David Ervine, leader of the loyalist Progressive Unionist Party in the North, died in hospital today.
Mr Ervine, who suffered a heart attack, a stroke and brain haemorrhage, was 53 and had been on a life support machine for 24 hours.
Mr Ervine’s son Mark told PA news agency: “David passed away quietly, peacefully and with dignity at lunchtime.
“The family would like to thank staff at the Ulster and Royal Victoria Hospitals for all they did for David and the family.
“We would ask the media to respect our wish for privacy at this sad time.”
The PUP chief was a central figure in securing the 1994 loyalist paramilitary ceasefire.
His wife Jeanette and two sons were by his bedside when he died at the Royal Victoria Hospital in Belfast.
Ken Wilkinson, one of his closest political associates, said he was devastated by his party leader's death.
Mr Wilkinson said: "I don't think Northern Ireland realises the sacrifices this man made.
"He was a good friend to me, but more than that, it's a sad a loss to the people of Northern Ireland.
"When they look back in history, they will see what David Ervine contributed."
Mr Ervine, a member of the Stormont Assembly for East Belfast, was taken to hospital after suffering a heart attack at his home yesterday.
As his health worsened, he was transferred from the Ulster Hospital on the outskirts of the city to the Royal Victoria.
Mr Ervine led the PUP, which is aligned to the loyalist paramilitary Ulster Volunteer Force, since 2002.
He became recognised as one of working class loyalism's most articulate voices after coming to public attention following the ceasefire called in response to the Provisional IRA's first halt to its violent campaign.
Like some Sinn Féin representatives elected to the Stormont Parliament after the 1998 Good Friday Agreement, Mr Ervine moved into politics after being imprisoned for paramilitary crimes.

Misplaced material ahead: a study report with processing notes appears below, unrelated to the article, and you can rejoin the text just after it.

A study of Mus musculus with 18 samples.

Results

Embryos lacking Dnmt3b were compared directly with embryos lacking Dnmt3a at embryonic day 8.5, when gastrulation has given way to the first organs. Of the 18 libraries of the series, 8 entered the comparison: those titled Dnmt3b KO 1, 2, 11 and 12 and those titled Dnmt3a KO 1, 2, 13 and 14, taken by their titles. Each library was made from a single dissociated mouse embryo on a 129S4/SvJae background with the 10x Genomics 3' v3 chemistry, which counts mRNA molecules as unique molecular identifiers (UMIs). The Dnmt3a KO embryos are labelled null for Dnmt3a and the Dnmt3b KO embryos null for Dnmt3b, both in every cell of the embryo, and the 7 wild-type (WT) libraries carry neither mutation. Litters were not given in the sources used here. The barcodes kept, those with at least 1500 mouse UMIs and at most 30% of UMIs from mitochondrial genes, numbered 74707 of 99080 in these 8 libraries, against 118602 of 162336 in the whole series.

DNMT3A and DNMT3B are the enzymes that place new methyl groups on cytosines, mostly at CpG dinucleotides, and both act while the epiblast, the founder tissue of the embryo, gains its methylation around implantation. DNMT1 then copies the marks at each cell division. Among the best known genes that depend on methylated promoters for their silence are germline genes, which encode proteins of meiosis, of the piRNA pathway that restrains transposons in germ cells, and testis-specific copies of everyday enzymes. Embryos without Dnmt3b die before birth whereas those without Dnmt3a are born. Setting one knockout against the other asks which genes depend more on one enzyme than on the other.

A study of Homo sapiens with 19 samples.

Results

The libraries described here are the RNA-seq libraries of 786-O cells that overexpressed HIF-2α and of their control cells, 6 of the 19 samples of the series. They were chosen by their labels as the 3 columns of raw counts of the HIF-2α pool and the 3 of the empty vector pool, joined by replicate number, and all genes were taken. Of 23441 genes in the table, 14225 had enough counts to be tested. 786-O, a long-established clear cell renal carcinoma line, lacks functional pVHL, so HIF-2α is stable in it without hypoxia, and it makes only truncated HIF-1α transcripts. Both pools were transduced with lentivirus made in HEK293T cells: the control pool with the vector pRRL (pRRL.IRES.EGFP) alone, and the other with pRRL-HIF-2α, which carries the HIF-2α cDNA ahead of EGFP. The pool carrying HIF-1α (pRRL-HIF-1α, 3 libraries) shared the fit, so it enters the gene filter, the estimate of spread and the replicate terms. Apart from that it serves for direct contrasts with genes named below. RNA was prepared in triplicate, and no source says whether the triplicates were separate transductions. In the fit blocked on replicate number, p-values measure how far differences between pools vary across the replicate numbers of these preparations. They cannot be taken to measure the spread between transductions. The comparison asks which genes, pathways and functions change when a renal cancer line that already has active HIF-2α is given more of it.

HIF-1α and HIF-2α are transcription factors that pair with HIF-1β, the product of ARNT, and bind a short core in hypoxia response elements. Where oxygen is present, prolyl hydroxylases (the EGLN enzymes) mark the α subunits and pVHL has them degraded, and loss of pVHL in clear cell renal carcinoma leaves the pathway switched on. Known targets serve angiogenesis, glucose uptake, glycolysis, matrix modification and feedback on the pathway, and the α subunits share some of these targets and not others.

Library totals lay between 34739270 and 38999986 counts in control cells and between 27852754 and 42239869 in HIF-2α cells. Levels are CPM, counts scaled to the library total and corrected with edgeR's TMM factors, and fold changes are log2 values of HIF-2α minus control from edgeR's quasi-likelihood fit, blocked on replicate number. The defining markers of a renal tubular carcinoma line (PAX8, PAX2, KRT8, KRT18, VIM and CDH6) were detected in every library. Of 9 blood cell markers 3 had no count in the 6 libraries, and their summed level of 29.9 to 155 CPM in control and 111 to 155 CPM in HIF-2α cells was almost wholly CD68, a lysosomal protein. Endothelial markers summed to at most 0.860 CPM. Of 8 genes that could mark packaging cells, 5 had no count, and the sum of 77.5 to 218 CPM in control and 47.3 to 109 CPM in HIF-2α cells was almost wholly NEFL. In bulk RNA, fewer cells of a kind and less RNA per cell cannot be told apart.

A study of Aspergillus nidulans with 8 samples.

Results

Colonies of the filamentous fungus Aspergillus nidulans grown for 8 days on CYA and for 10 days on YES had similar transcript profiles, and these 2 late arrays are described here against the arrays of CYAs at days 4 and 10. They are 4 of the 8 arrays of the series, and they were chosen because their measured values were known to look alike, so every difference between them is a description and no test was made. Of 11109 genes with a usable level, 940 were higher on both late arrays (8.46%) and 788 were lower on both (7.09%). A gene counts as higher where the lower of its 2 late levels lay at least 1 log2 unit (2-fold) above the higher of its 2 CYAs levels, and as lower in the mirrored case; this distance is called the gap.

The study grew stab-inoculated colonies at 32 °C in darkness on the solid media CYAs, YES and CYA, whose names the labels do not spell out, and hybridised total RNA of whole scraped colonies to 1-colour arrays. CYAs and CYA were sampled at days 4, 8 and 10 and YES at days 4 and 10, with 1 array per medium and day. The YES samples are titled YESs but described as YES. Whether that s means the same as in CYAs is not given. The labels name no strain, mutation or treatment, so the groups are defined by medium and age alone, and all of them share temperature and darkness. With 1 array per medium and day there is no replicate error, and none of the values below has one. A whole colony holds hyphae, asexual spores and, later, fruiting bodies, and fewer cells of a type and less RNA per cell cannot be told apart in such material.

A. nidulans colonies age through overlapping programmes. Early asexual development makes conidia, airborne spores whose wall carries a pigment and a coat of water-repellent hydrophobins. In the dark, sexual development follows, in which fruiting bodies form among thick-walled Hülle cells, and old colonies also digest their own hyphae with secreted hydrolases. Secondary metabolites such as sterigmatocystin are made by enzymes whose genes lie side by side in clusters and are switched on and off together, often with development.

He served time in the Maze Prison near Lisburn, Co Antrim, after being arrested driving a car bomb in 1974.
Mr Ervine said he was sucked into paramilitarism after the IRA killed nine people on Bloody Friday in July 1972.
During his time in prison, he studied to Open University degree level and following his release became active in the UVF's political wing.
A passionate politician, he supported the Good Friday peace deal, having participated in the talks which led to them chaired by Senator George Mitchell.
In 1998 he captured an Assembly seat in East Belfast along with his party colleague Billy Hutchinson, who won a seat in the north of the city.
Five years later, while Mr Ervine retained his seat, Mr Hutchinson lost his.
The PUP leader hit the headlines last year after the Ulster Unionists admitted him into their Assembly Group, even though he was not a party member.
Ulster Unionist leader Reg Empey justified the move despite internal criticism on the grounds that it would encourage the UVF to move away from violence for good and also guarantee a unionist majority on any future power sharing government.
Assembly Speaker Eileen Bell later ruled that the move to accept Mr Ervine was invalid.